Walter Chandoha, one of the world’s leading cat photographers, has died at the age of 98.
Long before YouTube and Instagram made cats the premier viral subject matter of choice, Chandoha captivated audiences with his intimate pet portraits. Chandoha took some 90,000 photos over the decades, starting with an abandoned gray kitten that he scooped up off the street and brought home to his wife Maria in 1949.
He named the kitten Loco and proceeded to document him racing around his Astoria, Queens, apartment and shadowboxing a mirror, according to the New York Times obituary. Chandoha sold the images to newspapers and magazines around the world and a budding career was born. Several years later, by the mid-1950s, he had become the “dominant commercial cat photographer of his era,” according to the Times.
The Hunterdon Art Museum in New Jersey just closed a major exhibition of Chandoha’s photography earlier this month. Along with his iconic cat images, “Walter Chandoha: A Lifetime of Photography” showed examples of the artist’s vibrant fruit and vegetable still-lifes, as well as images of New York City from the 1940s and ’50s.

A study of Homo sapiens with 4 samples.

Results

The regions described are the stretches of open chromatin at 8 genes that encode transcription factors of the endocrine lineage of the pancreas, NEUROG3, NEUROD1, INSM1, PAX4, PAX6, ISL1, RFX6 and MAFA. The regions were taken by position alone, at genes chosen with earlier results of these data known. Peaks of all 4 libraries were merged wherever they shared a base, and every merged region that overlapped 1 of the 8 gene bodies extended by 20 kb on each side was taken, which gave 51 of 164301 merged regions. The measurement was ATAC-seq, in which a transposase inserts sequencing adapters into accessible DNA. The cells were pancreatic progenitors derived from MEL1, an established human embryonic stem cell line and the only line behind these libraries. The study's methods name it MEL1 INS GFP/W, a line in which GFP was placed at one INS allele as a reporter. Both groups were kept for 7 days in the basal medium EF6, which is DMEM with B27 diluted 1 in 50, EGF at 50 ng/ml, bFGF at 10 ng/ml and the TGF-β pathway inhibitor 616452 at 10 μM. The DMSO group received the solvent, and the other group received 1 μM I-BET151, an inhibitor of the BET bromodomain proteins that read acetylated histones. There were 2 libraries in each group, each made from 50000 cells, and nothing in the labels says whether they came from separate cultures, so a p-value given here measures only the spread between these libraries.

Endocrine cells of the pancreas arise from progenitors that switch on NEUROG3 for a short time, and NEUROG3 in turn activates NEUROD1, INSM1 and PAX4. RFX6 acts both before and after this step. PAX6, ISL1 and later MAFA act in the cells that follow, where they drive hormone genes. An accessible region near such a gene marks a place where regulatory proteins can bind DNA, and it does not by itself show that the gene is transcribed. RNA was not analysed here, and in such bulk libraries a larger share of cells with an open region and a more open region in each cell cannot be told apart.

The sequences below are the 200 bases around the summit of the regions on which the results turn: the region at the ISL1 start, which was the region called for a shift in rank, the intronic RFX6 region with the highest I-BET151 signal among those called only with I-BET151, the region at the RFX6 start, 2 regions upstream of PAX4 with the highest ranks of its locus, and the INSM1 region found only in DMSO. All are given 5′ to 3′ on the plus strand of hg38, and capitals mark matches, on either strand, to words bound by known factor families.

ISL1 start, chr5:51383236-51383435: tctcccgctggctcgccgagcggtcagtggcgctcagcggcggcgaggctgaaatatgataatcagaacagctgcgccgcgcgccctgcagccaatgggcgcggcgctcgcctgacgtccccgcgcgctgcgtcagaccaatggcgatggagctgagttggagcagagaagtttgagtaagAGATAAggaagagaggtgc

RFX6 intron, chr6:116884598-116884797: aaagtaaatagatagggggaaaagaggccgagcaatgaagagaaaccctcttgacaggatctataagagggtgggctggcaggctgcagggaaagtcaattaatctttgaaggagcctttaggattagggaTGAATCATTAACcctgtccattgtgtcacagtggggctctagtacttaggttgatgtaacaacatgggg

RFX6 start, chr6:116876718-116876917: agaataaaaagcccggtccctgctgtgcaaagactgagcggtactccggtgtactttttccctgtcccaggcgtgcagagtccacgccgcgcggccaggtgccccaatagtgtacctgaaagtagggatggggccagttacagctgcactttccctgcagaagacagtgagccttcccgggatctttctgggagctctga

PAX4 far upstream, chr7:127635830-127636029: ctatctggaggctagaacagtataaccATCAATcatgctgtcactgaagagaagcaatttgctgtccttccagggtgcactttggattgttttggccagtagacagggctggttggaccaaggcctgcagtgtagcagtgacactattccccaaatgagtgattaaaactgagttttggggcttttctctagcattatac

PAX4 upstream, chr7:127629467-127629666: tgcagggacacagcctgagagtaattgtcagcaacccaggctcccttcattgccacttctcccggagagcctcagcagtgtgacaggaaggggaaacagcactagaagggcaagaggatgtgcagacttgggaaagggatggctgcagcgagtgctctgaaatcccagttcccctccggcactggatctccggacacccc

During a career that spanned seven decades, Chandoha became best known for capturing “the personalities of thousands of cats and dogs, and he became the go-to person whenever a Madison Avenue advertising director needed the perfect eye-catching pet photo,” according to the museum.
Chandoha was born to Ukranian immigrants in Bayonne, New Jersey, in 1920. As a child, he began taking photographs with his family’s folding Kodak camera, and later served as a press photographer after he was drafted into the Army including working as a combat photographer in the South Pacific.
In 1949, the same year he met Loco, Chandoha married Maria Ratti, who became an integral part of his studio practice. Ratti would hold the animals in position while Chandoha, perched behind the camera, made sounds to capture their attention: “I’d bark and meow to get the animals’ attention,” Chandoha said in one interview. “Maria could tell by the muscular tension in the animals themselves whether they were relaxing and when I saw something of interest, I’d say ‘Maria, go!’ and she’d take her hands away.” Chandoha said the perfect shot could take anywhere from 10 minutes to two days.
There are numerous books of Chandoha’s cat photography and a website devoted to the photographer that presents the range of his work, including images of cats, dogs, vintage New York City street scenes, flowers, gardens, plants, and a series titled “The Four Seasons.”